Exam writing can be tough for students to master, especially if they find it difficult to write in their own language, which is increasingly common in the digital era. Combined with topics that can be a little dull, and that they would rarely speak about in their mother tongue, teaching students to produce exam standard writing can be very challenging.
If you want to know more about Cambridge exam writings, check out my previous blogs on the topic here –
Today, I’m focusing on skills that students should practise in order to produce a decent writing assignment.
Vocabulary – Be Creative!
Nobody wants to read an essay or letter that uses basic language and lacks flair. Consider this;
- English grammar is relatively easy, having a look at different levels of textbook will tell you that the grammar taught at each level is the same. The might build on things already taught before, adding things and making it a little more challenging. But the basic grammar is very similar across all levels. So what will examiners look at in a writing to determine the level of the candidate? Largely, they will look at the vocabulary they use, if it relates to the topic, if it’s used appropriately, and if students can effectively use synonyms and a variety of vocabulary to avoid repeating themselves and the words used in the question.
So here are some tips for improving vocabulary use –
- Before they sit down to write anything, encourage to brainstorm vocabulary that relates to the topic they need to write about. Making sure that the words and phrases are appropriate for their level. They can start with nouns, then make different sections for verbs, adjectives, adverbs, expressions, etc. While they are writing, they should check back to this list and see what they can add from it.
- After they have finished their writing, they should go back and read it again, twice if necessary, Presentation isn’t marked in the exam, so it’s no problem if they add things afterwards, as long as it’s readable! They may focus on things like adverbs, which are always easier to add after the sentence is already formed.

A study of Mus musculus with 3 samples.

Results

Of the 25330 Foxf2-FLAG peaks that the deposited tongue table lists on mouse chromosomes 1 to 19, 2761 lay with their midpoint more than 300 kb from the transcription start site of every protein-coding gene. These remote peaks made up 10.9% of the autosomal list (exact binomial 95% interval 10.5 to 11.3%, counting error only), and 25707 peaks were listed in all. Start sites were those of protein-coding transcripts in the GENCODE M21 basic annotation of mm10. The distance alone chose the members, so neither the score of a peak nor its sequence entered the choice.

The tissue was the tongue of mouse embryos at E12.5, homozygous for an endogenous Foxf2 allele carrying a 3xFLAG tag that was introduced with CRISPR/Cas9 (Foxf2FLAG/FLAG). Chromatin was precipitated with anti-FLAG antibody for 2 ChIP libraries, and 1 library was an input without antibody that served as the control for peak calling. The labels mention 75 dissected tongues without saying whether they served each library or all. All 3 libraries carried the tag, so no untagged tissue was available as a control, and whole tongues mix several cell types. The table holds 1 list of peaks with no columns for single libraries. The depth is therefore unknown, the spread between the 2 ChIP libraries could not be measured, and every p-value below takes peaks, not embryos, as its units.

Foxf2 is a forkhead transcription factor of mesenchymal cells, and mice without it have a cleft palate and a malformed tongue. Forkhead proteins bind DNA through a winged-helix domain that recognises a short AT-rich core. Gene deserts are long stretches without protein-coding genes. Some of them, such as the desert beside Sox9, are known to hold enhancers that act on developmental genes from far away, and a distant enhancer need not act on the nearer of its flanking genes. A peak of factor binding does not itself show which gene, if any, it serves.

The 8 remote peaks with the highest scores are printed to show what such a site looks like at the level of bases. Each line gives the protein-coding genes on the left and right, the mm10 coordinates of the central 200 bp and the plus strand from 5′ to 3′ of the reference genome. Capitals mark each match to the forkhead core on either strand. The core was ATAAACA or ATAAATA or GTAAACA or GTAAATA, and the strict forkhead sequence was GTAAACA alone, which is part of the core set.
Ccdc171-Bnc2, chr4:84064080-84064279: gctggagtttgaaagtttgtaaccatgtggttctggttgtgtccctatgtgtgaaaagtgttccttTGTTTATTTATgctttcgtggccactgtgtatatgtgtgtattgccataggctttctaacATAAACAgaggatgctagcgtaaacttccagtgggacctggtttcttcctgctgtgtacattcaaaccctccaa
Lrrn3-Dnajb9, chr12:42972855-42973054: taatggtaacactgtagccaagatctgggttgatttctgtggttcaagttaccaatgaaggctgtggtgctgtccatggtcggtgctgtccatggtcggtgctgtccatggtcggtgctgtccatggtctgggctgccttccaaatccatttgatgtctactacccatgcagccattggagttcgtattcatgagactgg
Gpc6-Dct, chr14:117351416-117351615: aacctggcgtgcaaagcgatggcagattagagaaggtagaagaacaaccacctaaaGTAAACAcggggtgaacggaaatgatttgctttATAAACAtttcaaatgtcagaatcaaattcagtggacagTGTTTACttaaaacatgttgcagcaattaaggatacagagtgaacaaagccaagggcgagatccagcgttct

- Students should, as far as possible, avoid repeating themselves and using the same words and phrases over and over again. Synonyms and originality are to be praised here. Also, get them to try and rephrase the words used in the question.
Answer The Question!
This may seem the most obvious thing in the world, but I often see students struggling with this! Between the introduction and the conclusion, they forget to look at the question as often as they should and end up deviating from the goal. I’m not saying they start talking about something completely different, but they sometimes forget to give a definitive response to the question originally asked.
- Get them to constantly refer to the task while the are writing, each time they finish or start a new paragraph for example.
- After they finish writing. Encourage them to put the question and their conclusion together, do they match? Does the conclusion leave the reader in doubt about the opinion of the writer? Does the writing in general provide a satisfactory answer to that question? Or does it deviate and end up answering something similar, but slightly different.
Let It Flow!
A student might use the most wonderful language, use perfect structures in all the right places, and answer the question perfectly, but be caught out if their writing doesn’t flow naturally. It’s not the be all and end all, but could net them some of those elusive points for organisation.
- Stress the importance of producing a plan before they begin writing, and actually follow it.
- They should make sure that their essay or letter or whatever, uses appropriate linking expressions and cohesive devices, so that it has a nice flow.
- An easy way of doing this is using a set uniform set of words to start new paragraphs. E.g. Firstly, Secondly, Thirdly, etc.
The Little Things Count
In the rush to finish the task and get it over with, little things are often, tragically, forgotten.
Please! Please encourage students to focus on their spelling, mistakes are usually easy to avoid. But they can lose a lot of points for errors.
- When they finish, get them to go back and read their work again! It sounds obvious, but so many don’t! Check for spelling mistakes and other problems.
- Throughout the course, be conscious of the mistakes that your class as a whole, and individual students, constantly make. They should make a list of these, perhaps 10 or 15 words, that they have problems with. Revise these periodically to make sure they get it right on exam day!
Every type of writing has different rules. Among the most important differences is the formal / informal style. These rules are easy to learn and remember. For formal writing;
- No Contractions
- No Phrasal Verbs (With a few marked exceptions)
- No Idioms
- No Abbreviations
These are easy things to avoid using when writing, for example, an essay. Candidates should also check back when they have finished, making sure that they haven’t used any.
This is just an example, make sure that they are familiar with all the rules associated with different forms of writing tasks.
Any more tips for improving writing? Let me know in the comments!